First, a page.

The week of February 6-10 is Feeding Tube Awareness Week and is officially recognized on the National Health Observances calendar each year. In this blog, I will talk about feeding tubes, a life-saving intervention, how a feeding tube saved my life and break down some of the myths associated with feeding tubes.
What is a Feeding Tube?
If you are unfamiliar with feeding tubes, you’re about to learn what they are! While most people can eat normally via their mouths to receive all of their daily calories and nutrition, there are some people who cannot. This is due to a variety of reasons. A feeding tube is a life-saving intervention in the form of a polyurethane or silicone tube that can be placed in the abdomen, either the jejunum or stomach, to deliver liquid nutrients to the body. There are a few different types of feeding tubes:
- Gastrostomy Tube or “G Tube” (stomach)
- Jejunostomy Tube or “J Tube”
- Gastrostomy-Jejunostomy or “GJ Tube” (combination of the two)
Some feeding tubes are long hoses that are very thin that are inserted through the nose or mouth and end in the stomach or jejunum. The most common ones are called NJ or NG tubes.
My first feeding tube was an Nasojejunal Tube, or NJ Tube, that was placed in my body in September of 2021. I no longer have it, as it has been replaced with a J-Tube in my abdomen. While some people have the nasal tubes temporarily, some people require more long-term use of a feeding tube. Their doctor may decide to place a surgical one into the abdomen. This is the case for me.
Can You Eat with a Feeding Tube?
While some people require a feeding tube for all their nutrition, some people are still able to eat with a feeding tube! Being able to eat with a feeding tube varies from person to person. Everyone is different. Some people are able to eat, but not enough to meet their daily calorie needs so they have supplemental tube feedings to reach their bodies intake needs. This is the same for water or other drinks.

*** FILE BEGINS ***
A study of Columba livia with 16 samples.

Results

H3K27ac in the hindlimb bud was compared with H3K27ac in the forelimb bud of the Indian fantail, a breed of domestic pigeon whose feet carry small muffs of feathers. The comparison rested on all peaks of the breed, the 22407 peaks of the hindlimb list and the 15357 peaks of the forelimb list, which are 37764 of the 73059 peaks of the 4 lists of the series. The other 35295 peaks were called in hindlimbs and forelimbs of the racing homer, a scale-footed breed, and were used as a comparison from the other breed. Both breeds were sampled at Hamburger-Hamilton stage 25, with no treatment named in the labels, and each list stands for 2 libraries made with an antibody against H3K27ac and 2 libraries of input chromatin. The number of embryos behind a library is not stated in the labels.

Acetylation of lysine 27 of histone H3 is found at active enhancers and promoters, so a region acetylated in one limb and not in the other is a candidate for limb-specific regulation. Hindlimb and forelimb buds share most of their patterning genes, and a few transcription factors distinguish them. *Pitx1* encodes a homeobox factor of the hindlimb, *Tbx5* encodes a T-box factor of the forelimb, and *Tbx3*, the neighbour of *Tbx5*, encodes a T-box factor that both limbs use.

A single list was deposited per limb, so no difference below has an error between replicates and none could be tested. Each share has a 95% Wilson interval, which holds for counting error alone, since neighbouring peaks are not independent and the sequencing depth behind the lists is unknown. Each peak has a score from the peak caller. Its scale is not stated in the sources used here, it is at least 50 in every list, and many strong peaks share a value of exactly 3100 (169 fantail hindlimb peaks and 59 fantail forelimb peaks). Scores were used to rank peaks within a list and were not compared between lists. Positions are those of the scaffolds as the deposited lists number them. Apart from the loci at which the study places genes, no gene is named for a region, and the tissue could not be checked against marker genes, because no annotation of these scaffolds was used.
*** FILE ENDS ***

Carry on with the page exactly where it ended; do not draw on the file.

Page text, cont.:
Personally, I can drink liquids, but sometimes I am unable to. Food is off the table for me, although I still try on occasion. For me, my stomach does not work properly and anything that I eat comes up. This is why my feeding tube bypasses my stomach.
Do Feeding Tubes Hurt?
The short answer is that it depends on the type of tube and the person. I am going to explain what it was like for me.
The nasal tube I had, an NJ, hurt initially due to my nose and throat not being used to having something jammed in there. After a few days, the pain went away and I barely ever felt the tube after. I have never experienced an NG tube, which is much thicker, though I hear they hurt and are very uncomfortable. My J-tube area hurt after placement, but after two weeks it felt a lot better. I can still feel this one, although most of the time, it is not painful. When it is, the pain is light. Again, I would like to emphasize that everyone is different and may or may not have the experiences as me.
Does a Feeding Tube Affect Your Quality of Life? Are They Used When Someone is Dying?
A feeding tube can save someone’s life, like mine did. A feeding tube is there to help a person sustain life and meet their bodies’ intake needs. Whenever I had a tube placed in me, I have bounced back from being sick and I can do a lot more things. Recently, I even started going to the gym due to having energy again. While being hooked up to a backpack 24/7 can be a slight nuisance, I prefer it over my old situation.
Feeding tubes and their uses are different for everyone. I hope that this blog may have answered some of your questions regarding feeding tubes and that you learned something new!
About Chrysanthemum Chan: Chrysanthemum is an award-winning cosplayer and Quantum brand ambassador. She enjoys fashion, cosplay and music and has a TikTok channel with over 380,000 followers. Click here to learn more about Chrysanthemum.